My latest essay on health care policy:

I think it is useful to divide the health care issue into three areas: general wellness; acute care; and discretionary procedures. The problems and solutions differ by area.

What I mean by general wellness is engaging in healthy lifestyles and reducing risky behavior. Sometimes the term “public health” is used to cover this, but to me that suggests that government bears the ultimate responsibility. In fact, we should recognize the importance of individual behavior…

in economic terms, it is not clear that the people who pay for cosmetic surgery are doing anything worse than people who pay to build ski chalets in Aspen. Either way, you are using up resources for a luxury good. If you build a chalet, that is your business, and if you choose cosmetic surgery, that is also your business.

There is a sense, however, in which the concern about discretionary medical spending is quite valid. Your medical decisions become my business when I pay for them through Medicare or other government programs.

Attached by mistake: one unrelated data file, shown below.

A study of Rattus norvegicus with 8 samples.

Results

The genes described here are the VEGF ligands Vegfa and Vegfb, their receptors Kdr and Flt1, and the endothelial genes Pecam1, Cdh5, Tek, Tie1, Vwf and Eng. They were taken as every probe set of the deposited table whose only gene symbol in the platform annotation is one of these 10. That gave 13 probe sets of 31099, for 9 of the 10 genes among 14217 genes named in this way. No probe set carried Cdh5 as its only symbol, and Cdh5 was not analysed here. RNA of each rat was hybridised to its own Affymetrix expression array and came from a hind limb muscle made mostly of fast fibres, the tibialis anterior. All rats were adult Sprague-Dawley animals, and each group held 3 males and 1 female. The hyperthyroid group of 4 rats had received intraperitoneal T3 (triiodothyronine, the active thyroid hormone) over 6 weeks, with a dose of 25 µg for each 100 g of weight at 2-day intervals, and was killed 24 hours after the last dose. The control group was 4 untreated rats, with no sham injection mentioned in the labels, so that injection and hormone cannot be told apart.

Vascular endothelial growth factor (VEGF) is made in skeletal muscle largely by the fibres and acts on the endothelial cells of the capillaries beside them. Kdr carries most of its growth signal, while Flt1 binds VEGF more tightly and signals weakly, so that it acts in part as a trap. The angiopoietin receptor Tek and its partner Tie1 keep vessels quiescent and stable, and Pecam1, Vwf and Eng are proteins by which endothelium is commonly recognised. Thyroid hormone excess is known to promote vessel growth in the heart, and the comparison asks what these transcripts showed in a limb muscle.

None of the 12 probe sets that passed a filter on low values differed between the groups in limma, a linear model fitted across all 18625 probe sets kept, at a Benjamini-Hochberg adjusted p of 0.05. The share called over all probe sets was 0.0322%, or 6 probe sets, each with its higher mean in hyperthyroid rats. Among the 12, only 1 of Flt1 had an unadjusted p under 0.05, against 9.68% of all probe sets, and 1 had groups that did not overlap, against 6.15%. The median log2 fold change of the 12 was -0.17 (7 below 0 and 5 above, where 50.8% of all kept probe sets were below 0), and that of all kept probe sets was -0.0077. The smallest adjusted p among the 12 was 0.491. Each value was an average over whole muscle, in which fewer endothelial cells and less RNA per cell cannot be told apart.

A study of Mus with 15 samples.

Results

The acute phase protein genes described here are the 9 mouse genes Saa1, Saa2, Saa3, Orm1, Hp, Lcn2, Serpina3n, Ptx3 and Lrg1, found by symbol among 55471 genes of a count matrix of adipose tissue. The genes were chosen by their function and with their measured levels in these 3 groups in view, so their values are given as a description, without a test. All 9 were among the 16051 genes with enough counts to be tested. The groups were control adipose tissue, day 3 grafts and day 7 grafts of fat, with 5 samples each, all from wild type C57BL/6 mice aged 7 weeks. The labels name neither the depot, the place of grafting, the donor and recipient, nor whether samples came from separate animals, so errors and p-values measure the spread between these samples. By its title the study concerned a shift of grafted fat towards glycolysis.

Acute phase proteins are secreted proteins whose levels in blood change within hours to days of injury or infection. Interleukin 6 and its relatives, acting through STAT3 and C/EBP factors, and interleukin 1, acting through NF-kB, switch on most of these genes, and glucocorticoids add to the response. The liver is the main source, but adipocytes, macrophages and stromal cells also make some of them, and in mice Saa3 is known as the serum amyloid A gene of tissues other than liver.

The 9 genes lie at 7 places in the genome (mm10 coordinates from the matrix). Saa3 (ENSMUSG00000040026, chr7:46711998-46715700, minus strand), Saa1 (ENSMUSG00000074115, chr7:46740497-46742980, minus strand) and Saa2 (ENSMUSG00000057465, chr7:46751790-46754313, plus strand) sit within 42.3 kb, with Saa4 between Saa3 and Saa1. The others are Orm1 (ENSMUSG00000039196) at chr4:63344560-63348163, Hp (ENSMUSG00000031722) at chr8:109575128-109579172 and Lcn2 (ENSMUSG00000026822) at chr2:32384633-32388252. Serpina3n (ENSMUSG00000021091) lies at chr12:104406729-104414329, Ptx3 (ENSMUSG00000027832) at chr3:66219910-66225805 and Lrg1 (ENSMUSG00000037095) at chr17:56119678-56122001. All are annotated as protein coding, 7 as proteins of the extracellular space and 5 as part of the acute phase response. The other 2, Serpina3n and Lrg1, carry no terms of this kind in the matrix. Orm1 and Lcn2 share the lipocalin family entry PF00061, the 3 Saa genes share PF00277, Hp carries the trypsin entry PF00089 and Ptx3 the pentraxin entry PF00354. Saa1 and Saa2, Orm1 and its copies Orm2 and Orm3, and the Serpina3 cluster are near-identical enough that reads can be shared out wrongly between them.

Meanwhile, Nick Schultz points me to a New York Times article on Canada’s healthcare system.

medical professionals and local officials say a major reason it may not be easy to address the problem of slow access to treatment is because doctors who do preliminary diagnostic work, refer patients to specialists and monitor the care of chronically ill people are less and less available – especially in small towns and rural areas…

Young doctors are more likely to seek the most lucrative work in cities or go to the United States rather than start more modest practices in small towns because of growing debts when they leave medical school.

For Discussion. Is there a reasonable way to distinguish discretionary care from acute care?